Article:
A critical element for improving fleet driver retention is to ensure drivers and dispatchers maintain a positive relationship. The relationship between dispatcher and driver is an important aspect of successful trucking.
It’s vitally important that drivers and dispatchers understand their respective roles. Dispatchers and drivers have an essential relationship; the role the dispatchers play in a truck driver’s job is integral to his or her success.
The truck driver’s role is to move freight between Point A and Point B as quickly as possible within the bounds of applicable rules and regulations, including highway speed limitations, of course. Drivers accomplish this goal by working with dispatchers.
The role of dispatch is to coordinate and match available freight with available drivers and equipment. Usually the drivers and loads need to be in the general geographical vicinity of where the truck will be when it’s empty. The role of dispatch is to match available freight with available trucks and drivers in their fleet.
Dispatchers are constantly trying to find loads for drivers because the situation is always fluid and dynamic. Things happen: traffic congestion, trucks breakdown, etc. So dispatchers are always working to try and keep things going. It’s important for truck drivers to keep in mind that they must communicate effectively with your dispatchers. The frequency with which regional or long-haul drivers communicate with dispatchers will determine the effectiveness of the relationship.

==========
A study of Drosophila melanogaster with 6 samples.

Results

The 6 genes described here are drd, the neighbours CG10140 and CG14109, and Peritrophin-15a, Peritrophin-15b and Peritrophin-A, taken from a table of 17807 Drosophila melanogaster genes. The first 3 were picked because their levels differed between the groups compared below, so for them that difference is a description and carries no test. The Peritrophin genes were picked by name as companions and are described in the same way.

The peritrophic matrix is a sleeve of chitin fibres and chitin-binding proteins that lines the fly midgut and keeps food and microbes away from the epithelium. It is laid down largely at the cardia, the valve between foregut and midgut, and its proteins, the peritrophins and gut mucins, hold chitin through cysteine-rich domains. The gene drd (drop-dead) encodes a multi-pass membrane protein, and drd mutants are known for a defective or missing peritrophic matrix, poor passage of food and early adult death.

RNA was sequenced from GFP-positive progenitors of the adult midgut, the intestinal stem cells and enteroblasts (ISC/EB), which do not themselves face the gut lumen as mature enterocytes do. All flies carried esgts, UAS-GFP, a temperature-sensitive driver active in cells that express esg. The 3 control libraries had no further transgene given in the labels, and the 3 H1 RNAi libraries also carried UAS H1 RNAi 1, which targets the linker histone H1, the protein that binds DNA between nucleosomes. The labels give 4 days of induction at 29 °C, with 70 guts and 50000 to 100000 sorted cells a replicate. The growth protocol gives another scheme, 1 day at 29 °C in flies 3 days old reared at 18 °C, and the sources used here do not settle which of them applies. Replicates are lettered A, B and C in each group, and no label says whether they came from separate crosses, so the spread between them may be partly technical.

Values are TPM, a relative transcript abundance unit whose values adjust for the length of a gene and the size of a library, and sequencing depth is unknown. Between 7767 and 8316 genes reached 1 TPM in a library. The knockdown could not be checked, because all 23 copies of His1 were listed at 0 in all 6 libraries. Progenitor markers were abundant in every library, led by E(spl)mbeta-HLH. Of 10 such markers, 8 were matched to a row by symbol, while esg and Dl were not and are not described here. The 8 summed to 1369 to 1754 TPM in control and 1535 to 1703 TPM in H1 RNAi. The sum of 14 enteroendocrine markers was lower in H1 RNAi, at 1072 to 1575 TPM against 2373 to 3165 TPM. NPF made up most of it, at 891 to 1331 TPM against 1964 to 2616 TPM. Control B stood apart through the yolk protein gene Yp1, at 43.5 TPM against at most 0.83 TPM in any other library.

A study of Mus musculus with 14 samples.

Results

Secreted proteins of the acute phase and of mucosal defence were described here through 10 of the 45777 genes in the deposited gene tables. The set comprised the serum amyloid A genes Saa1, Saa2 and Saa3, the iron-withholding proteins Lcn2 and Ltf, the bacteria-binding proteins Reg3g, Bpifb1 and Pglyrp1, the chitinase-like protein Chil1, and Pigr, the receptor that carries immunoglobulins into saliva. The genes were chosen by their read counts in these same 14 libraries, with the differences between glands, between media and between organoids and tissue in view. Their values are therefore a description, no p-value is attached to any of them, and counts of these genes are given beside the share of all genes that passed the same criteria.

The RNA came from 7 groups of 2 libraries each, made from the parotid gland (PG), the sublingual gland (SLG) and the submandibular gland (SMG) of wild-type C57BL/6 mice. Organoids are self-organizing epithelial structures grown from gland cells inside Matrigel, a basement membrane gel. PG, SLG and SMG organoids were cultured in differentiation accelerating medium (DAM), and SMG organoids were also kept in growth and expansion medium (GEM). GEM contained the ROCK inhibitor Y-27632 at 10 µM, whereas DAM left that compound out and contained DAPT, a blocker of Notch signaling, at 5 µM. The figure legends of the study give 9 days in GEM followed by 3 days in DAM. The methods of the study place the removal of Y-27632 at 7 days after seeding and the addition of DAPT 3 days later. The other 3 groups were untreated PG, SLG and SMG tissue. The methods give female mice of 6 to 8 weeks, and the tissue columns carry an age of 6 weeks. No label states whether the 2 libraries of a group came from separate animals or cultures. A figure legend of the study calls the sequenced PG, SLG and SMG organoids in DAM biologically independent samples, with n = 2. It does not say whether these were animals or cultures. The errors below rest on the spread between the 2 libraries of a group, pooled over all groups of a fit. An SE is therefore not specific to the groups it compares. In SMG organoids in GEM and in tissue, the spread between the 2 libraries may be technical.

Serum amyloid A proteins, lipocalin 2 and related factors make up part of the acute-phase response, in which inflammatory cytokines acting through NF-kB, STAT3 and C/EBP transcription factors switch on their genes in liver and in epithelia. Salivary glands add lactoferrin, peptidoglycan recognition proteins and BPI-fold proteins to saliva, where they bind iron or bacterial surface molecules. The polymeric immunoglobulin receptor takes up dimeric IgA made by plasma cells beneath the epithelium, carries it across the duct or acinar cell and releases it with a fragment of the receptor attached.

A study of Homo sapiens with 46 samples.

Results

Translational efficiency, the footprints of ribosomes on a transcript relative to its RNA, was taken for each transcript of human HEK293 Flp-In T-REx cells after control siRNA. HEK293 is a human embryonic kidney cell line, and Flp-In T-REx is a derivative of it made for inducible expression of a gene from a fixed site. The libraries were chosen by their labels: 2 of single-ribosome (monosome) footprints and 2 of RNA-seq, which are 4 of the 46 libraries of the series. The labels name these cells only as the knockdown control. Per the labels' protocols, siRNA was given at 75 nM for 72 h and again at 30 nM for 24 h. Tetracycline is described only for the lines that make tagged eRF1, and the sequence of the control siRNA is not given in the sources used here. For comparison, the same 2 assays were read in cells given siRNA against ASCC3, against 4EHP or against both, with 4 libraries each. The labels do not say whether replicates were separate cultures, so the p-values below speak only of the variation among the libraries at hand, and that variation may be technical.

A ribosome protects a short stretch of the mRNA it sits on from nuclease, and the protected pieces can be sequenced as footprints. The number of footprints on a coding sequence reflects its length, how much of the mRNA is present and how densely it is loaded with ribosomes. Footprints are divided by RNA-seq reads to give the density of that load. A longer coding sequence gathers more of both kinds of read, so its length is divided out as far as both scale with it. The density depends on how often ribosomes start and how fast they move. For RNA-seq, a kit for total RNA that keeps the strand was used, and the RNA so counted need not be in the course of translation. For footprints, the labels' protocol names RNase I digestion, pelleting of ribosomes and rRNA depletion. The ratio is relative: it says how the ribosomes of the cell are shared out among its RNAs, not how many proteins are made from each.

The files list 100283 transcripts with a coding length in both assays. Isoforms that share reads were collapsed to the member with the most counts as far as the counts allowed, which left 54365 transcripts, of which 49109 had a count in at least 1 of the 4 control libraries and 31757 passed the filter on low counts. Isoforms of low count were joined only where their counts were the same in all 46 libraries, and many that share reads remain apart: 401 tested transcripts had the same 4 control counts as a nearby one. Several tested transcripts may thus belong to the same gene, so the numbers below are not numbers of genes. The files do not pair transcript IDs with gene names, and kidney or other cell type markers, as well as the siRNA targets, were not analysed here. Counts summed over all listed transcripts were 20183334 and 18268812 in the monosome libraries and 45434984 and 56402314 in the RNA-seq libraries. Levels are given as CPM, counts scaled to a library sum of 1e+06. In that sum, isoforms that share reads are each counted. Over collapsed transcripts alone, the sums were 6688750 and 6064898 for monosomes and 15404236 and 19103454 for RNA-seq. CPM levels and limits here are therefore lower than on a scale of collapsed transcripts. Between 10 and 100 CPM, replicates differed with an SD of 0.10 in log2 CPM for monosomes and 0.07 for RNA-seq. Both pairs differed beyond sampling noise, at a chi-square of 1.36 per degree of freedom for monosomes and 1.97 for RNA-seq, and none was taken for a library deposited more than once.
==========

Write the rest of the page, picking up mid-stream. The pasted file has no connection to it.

In general, regional drivers will be in contact with their dispatchers on a more frequent basis naturally. But it’s incumbent upon long-haul drivers to be in contact with their dispatchers every 24 hours at a minimum. Additionally, drivers need to call their dispatchers when they are one hour out from their destination in order to allow the dispatcher to find or confirm the next load pick up. Drivers should let dispatchers know their actual estimated time of arrival (ETA) so that the dispatcher can anticipate the process for the next load and let shippers know when they can expect the driver. This enables the shipper to get the load ready for the driver’s arrival.
Then, when the driver is unloaded, they should contact the dispatcher again or if something doesn’t go as planned. Common occurrences that warrant a call to dispatch include a truck breakdown or mechanical issue, traffic congestion, inclement weather or the driver gets sick.
Drivers need to have the following information ready before they call dispatch:
- unit number of truck and full name
- estimated time of arrival to destination
- the number of hours you will have available once you are unloaded.
Drivers and dispatchers need to have good communication in order for things to run smoothly. Maintaining a positive communication pattern will keep the driver in operation and making money.
Encompass Risk Solutions understands fleet management and the importance of mitigating your business risk. Contact us today to learn more about transportation safety, risk reduction and insurance coverages.